Tips For Making Fishing Lures

If you want really good-looking spoons, you can purchase dozens of blanks, already painted if desired, or plain, from the tackle places mentioned above, for next to nothing. Spoons are some of the cheapest lures you can use. It takes less than 10 minutes to hand-craft a great looking spoon.

Our next step up is the most successful bass lure of all-time, the plastic worm, and/or plastic bodies. All you need for these are a melting pan, molds, liquid plastic, coloring, and flavoring if desired, hardeners and softeners. All these can be found at the places I mentioned earlier. To make worms and bodies, you simply mix the pigment, flavor and sparkle with the plastic, melt it, and pour it into the molds. When the plastic sets (in about 60 seconds), remove the creature and drop it into cold water to finish hardening. That’s it.

Next up is the most versatile lure ever invented, the jig. There are two ways to approach crafting jigs. You can get a Hot Pot, and molds and make your own jigheads and sinkers, or you can buy plain jigheads and just paint and dress them at home. You can use scrap lead (but make sure it is pure lead, with nothing added), or buy lead ingots to melt.

A good source of lead that I use is to go to your local Shooting Range on a day when no one else is there, or at night, and go to the dirt mounds behind the targets, and dig out all the lead bullets. You can have 50 pounds of lead in less than 30 minutes.

When you are done, make sure you put all the dirt back where it came from, and tamp it back down tightly. Just rinse the old bullets off really good, and make sure they are completely dry before you melt them, and you’re good to go. Now, just melt the lead, set your hooks in the molds and pour. After the jigs have set, just remove them, clip off the sprues and paint and dress them like you want. For dressing lures, a good Fly Tying Vise is a worthwhile investment.

Now we get a little more involved. Inline and French Spinners are next on the list. These are a bit more complicated and require more hand-work, but they are still not bad. You can make excellent versions of Mepps, Roostertail and Panther Martin spinners with just a little bit of work. You can make these by hand, but a wire bender is really handy and speeds up the process greatly. They are available form the above mentioned sources. All you do is thread your weighted lead body, or beads onto the wire, attach a clevis and blade, or a blade directly to the shaft, bend the wire into loops at both ends, attach a hook to one end with a split ring, and your line to the other end. Finis! You can dress the hook how you want it, and paint the body any way you desire. You can vary the type of blade, or even use a propeller.

Spinnerbaits are a combination of the jig, and the spinner. To make these, you start out making a jig, but before you pour the lead, you add a pre-bent 90 degree wire, with a looped center, to the head, running the same way as the hook point (up).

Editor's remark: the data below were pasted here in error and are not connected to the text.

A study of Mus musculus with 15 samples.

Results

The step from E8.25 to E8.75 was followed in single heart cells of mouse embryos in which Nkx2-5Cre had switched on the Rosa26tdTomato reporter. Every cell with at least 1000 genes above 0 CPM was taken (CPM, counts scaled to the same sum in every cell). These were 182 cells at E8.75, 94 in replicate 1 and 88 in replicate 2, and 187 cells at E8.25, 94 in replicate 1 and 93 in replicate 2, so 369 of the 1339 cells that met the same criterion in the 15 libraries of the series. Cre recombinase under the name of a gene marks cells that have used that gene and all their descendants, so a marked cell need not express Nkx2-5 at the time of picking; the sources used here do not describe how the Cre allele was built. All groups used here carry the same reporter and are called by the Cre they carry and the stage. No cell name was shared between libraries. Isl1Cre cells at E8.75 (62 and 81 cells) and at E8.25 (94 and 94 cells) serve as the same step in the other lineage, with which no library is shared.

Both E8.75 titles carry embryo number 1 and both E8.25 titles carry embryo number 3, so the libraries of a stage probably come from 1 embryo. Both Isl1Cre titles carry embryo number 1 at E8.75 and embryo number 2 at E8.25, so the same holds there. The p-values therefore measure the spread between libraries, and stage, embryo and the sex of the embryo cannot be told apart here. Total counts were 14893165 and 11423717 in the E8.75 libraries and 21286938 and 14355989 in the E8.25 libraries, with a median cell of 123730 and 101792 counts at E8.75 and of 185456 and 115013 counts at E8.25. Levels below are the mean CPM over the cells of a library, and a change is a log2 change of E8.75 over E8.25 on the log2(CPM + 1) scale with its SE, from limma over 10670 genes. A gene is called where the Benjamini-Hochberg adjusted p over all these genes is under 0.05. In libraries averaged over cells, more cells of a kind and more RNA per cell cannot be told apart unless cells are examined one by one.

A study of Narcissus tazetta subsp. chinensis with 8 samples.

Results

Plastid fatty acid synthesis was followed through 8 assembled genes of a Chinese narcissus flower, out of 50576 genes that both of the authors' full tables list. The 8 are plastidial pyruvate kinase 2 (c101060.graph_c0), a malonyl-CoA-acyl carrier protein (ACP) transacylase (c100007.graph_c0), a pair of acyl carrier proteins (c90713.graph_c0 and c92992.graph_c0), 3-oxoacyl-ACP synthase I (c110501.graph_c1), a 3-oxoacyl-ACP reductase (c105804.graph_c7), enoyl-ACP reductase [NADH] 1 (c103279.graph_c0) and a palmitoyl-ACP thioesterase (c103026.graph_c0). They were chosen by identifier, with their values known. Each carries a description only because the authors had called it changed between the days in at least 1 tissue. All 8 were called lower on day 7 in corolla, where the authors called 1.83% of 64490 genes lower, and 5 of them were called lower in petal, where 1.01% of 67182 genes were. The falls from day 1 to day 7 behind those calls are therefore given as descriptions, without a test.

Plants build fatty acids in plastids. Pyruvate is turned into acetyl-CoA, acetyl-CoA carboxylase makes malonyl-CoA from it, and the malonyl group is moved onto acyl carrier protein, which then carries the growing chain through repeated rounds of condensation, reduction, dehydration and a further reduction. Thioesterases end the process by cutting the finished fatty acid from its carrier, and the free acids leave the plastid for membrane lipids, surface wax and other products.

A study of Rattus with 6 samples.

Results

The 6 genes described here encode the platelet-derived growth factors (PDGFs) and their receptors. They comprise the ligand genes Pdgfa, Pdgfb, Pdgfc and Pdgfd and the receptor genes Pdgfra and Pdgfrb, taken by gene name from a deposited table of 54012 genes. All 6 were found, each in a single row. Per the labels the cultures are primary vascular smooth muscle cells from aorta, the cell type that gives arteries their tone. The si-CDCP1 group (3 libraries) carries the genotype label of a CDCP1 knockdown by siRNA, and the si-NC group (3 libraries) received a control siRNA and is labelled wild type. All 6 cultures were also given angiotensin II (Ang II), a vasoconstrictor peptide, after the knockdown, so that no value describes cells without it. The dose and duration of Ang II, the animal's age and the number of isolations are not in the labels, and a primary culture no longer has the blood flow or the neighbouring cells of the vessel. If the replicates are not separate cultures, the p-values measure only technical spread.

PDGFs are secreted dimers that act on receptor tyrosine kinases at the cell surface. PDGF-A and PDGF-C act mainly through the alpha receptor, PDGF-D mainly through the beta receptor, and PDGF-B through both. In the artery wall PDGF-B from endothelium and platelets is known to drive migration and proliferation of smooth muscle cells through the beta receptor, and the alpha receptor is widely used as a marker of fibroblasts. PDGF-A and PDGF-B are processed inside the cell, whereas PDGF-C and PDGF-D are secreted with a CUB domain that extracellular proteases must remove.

When the jig is set, you remove the unit and make a loop in the end of the wire, and attach a blade with a swivel. Or you can attach a propeller directly to the end of the shaft. Or, with stops and swivels, you can attach multiple blades to the shaft. The spinner can be painted and dressed to your desire.

The apex of lure making art is the solid lure, or ‘plug’. I have made these from wooden dowels, and whittled bodies from old pieces of lumber, You can do this if you wish, but you can also purchase pre-cut plastic bodies. If you go the wood route, for topwater lures,

I like balsa. It floats really well, and when sealed and finished, is water-proof. For floating/diving and subsurface lures, I like Red Cedar. It has a good nuetral bouyancy and weight to it. Draw your design out on paper, then you can cut, whittle or sand the wood to the proper shape.

If I need a ‘cupped’ face for poppers and chuggers, I shape the head with a Dremel Rotary Tool. It does a fantastic job for cupping faces. Next, sand the lure smooth, up to about 320 grit sandpaper.  Apply a water-proof finish, and paint it to your liking. When it’s dry, drill small holes to attach the hook hangers, lips, and line eye. Attach your hook hangers, lips, blades, hooks and go fishing.

One tip: if you want a ‘ratting’ lure, simply cut the body in half (wood only), hollow out a cavity, glue in a small plastic tube (straws work good for this) and fill it with BBs. Then glue the halves back together and sand over the joint, and finish the lure like normal. Now you have a rattling lure.

Don’t be afraid to get creative and experiment. That’s what it’s all, about.

Happy Fishing!

Dan Eggertsen is a fellow saltwater fishing enthusiast to the point of obsession. :) He's been providing solid advice on saltwater fishing since 2004.